Recently released monthly figures from the EIA (914-Survey last Friday and Tuesday’s NGM) underscore how fast the landscape in the natural gas market can change.
First, according to the EIA’s 914-Survey, natural gas withdrawals (gross) in the Lower 48 U.S. dropped by 0.7% in December to 62.82 Bcf/d; November 2009 production was revised up by 0.2% to 63.28 Bcf/d.
Next, per the EIA’s Natural Gas Monthly (NGM), total U.S. (incl. Alaska) gross withdrawals of gas from wells in December narrowed by 1.2% to 71.94 Bcf/d, November’s figures were revised up to 72.85 Bcf/d.
The pullback in production was attributed to a combination of unscheduled maintenance (due to cold weather) at El Paso’s Pecos River Compressor which shut-in upwards of 0.385 Bcf/d (out of 1.206 Bcf/d) of capacity as well as a spike in implied gas furnace demand. To wit, production in New Mexico posted the largest month-on-month decline (6.1%) from 3.96 Bcf/d to 3.72 Bcf/d. At the same time December 2009 temperatures for the contiguous United States averaged 30.2°F, which is 3.2°F below average.
The EIA reports for December were in stark contrast to what we saw for the month before. Then, a jump in November production, plus very mild weather allowed for more gas to go into storage (underground and LNG tankage) than come out, 1.05 Bcf/d. That was only the second such occurrence on record (a/o 1973). Then, in December 22.54 Bcf of gas was withdrawn. That was the highest draw for the month since 2000 and the third highest since 1973.
However, the large draw in December cannot be blamed solely on the weather. The monthly figures break down demand by end user, which can be useful for detecting seasonal and economic trends.
For instance, deliveries to industrial consumers are less sensitive to seasonality due to fixed manufacturing costs, while deliveries to electrical power generating consumers and residential consumers react sharply to colder (or warmer) weather. 2009 until November seemed to show a recovering economy in seasonal trends. Residential demand in the summer was 2% higher year-on-year and October saw a 16% y-o-y increase. As expected, November was slightly lower due to milder weather.
The industrial sector was weaker but still encouraging — demand in July saw a 10% deficit to 2008 and 11% to the 2004-07 average, but this gap was closing and by November demand had recovered to just 2.2% lower y-o-y. Given December’s cold, we expected strong residential demand and middling industrial demand. But according to the DOE, residential demand for December was actually 0.96% lower than 2008 while industrial demand was 7.4% higher.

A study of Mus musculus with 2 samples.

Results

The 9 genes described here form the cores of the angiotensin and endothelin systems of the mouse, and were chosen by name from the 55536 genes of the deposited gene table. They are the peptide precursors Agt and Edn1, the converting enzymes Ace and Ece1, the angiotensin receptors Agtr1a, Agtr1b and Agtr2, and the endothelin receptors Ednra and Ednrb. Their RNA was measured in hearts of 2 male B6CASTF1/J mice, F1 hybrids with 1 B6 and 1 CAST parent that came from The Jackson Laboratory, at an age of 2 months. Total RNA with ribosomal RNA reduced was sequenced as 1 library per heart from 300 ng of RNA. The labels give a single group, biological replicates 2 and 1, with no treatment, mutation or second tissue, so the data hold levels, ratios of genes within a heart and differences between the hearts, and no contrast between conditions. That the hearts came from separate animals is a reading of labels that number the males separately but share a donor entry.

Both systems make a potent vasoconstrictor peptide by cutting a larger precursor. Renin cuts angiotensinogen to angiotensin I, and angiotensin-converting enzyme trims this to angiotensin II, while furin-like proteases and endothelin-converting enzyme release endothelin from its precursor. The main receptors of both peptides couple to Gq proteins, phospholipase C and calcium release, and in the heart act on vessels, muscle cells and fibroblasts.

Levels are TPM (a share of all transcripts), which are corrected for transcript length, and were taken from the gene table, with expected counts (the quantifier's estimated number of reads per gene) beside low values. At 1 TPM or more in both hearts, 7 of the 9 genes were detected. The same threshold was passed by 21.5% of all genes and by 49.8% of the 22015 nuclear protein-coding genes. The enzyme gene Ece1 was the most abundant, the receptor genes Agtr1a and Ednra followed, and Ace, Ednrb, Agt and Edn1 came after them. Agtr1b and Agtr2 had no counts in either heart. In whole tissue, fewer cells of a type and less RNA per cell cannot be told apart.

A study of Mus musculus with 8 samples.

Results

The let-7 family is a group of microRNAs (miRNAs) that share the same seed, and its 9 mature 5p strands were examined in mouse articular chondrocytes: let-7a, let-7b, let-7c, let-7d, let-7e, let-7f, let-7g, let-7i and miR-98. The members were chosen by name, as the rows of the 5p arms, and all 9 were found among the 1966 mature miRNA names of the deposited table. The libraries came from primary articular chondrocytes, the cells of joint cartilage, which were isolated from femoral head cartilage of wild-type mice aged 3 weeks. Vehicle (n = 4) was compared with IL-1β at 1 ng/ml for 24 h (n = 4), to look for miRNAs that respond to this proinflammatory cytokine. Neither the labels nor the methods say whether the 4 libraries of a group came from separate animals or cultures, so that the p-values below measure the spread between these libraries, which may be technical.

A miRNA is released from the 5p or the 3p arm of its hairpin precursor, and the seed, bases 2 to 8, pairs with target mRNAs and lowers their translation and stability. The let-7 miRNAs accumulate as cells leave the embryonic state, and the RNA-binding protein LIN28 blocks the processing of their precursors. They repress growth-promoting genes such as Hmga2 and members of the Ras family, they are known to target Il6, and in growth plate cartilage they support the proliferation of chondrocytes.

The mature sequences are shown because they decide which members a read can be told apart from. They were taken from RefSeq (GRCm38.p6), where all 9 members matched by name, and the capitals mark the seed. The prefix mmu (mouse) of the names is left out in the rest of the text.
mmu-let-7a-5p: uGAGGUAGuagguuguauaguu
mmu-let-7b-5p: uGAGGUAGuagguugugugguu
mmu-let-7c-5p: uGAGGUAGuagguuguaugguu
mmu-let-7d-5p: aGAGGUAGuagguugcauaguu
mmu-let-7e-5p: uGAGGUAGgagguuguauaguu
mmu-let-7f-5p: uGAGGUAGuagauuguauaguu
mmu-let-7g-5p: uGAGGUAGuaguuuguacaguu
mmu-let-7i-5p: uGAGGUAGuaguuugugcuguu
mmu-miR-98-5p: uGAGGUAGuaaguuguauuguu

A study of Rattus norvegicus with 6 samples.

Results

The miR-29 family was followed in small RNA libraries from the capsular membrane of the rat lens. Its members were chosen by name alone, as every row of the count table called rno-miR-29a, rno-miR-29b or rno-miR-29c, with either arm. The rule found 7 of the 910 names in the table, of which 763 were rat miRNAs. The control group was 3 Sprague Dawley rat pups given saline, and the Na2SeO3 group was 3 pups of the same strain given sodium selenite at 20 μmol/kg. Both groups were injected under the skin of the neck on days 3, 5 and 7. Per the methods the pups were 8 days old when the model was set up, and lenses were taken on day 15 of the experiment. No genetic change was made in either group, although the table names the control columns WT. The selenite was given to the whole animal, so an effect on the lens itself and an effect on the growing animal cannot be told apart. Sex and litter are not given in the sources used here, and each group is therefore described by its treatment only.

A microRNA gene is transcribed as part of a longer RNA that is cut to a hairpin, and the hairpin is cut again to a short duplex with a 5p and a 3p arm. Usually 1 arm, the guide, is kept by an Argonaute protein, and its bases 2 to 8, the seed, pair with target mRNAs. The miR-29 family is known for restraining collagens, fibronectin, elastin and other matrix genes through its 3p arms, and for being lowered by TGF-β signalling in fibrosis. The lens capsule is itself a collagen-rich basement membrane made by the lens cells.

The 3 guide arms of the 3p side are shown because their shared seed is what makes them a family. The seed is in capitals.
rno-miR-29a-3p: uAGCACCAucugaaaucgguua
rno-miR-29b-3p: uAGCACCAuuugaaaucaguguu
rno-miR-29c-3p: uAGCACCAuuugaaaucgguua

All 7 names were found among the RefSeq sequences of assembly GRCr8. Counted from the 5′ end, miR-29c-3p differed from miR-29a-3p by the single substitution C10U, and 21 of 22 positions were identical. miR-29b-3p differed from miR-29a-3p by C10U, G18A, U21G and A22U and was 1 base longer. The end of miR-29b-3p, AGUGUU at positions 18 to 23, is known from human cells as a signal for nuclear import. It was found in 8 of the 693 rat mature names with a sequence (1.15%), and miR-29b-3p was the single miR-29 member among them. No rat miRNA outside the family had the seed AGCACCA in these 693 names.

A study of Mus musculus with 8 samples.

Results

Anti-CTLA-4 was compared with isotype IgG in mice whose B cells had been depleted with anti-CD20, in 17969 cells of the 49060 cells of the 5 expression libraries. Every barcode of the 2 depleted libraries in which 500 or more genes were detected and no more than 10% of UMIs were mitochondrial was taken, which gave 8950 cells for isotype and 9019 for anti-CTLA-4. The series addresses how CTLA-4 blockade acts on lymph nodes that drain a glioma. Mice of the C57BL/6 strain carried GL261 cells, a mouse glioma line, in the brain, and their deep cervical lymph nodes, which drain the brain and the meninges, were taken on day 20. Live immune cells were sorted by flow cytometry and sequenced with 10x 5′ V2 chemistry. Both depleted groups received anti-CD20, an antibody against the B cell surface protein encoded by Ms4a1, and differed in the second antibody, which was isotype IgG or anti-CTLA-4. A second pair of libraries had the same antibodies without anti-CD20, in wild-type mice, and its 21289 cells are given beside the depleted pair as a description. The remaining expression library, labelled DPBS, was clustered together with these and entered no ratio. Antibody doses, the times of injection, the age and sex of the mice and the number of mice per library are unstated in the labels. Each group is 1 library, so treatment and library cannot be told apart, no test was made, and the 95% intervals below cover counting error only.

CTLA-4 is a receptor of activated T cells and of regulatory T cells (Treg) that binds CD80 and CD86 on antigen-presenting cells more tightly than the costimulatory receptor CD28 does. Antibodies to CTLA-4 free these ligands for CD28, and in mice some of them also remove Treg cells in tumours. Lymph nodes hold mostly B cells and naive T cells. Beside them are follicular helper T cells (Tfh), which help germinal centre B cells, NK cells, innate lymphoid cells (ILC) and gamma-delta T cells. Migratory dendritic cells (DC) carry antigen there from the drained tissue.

The reaction at is mixed — it is always encouraging to see higher industrial demand but keep in mind December 2009 was much colder than 2008, so why did residential demand drop? The obvious answer would blame cost cutting measures forced by lower discretionary income. But the real answer is, we believe, not so gloomy.
When forecasters first called for an especially harsh winter, we said that the key point of contention would be not if the snow fell, but where the snow fell. The East Coast saw heating degree days in December 5.0% higher y-o-y, while New England and the South Atlantic saw 6.3% and 20.3% increases respectively. However, keep in mind, the bulk of residential demand hales from the North Central states — Illinois, Michigan, Indiana etc. and these states saw 6.07% fewer heating days.
Even though a state blanketed by snow like New Jersey saw a 6.4% increase in demand, this was masked by the 8.3% average decrease in demand from the North East Central, which accounts for a much larger proportion of the natural gas market.
The bottom line is that natural gas may yet be more bullish than the market seems to suggest, consumers can still respond to the weather when necessary. Meanwhile positive manufacturing orders and non-farm payrolls for January suggest demand (industrial) will remain strong even after the winter ends.
Stephen Schork is the Editor of and has more than 17 years experience in physical commodity and derivatives trading, risk systems modeling and structured commodity finance.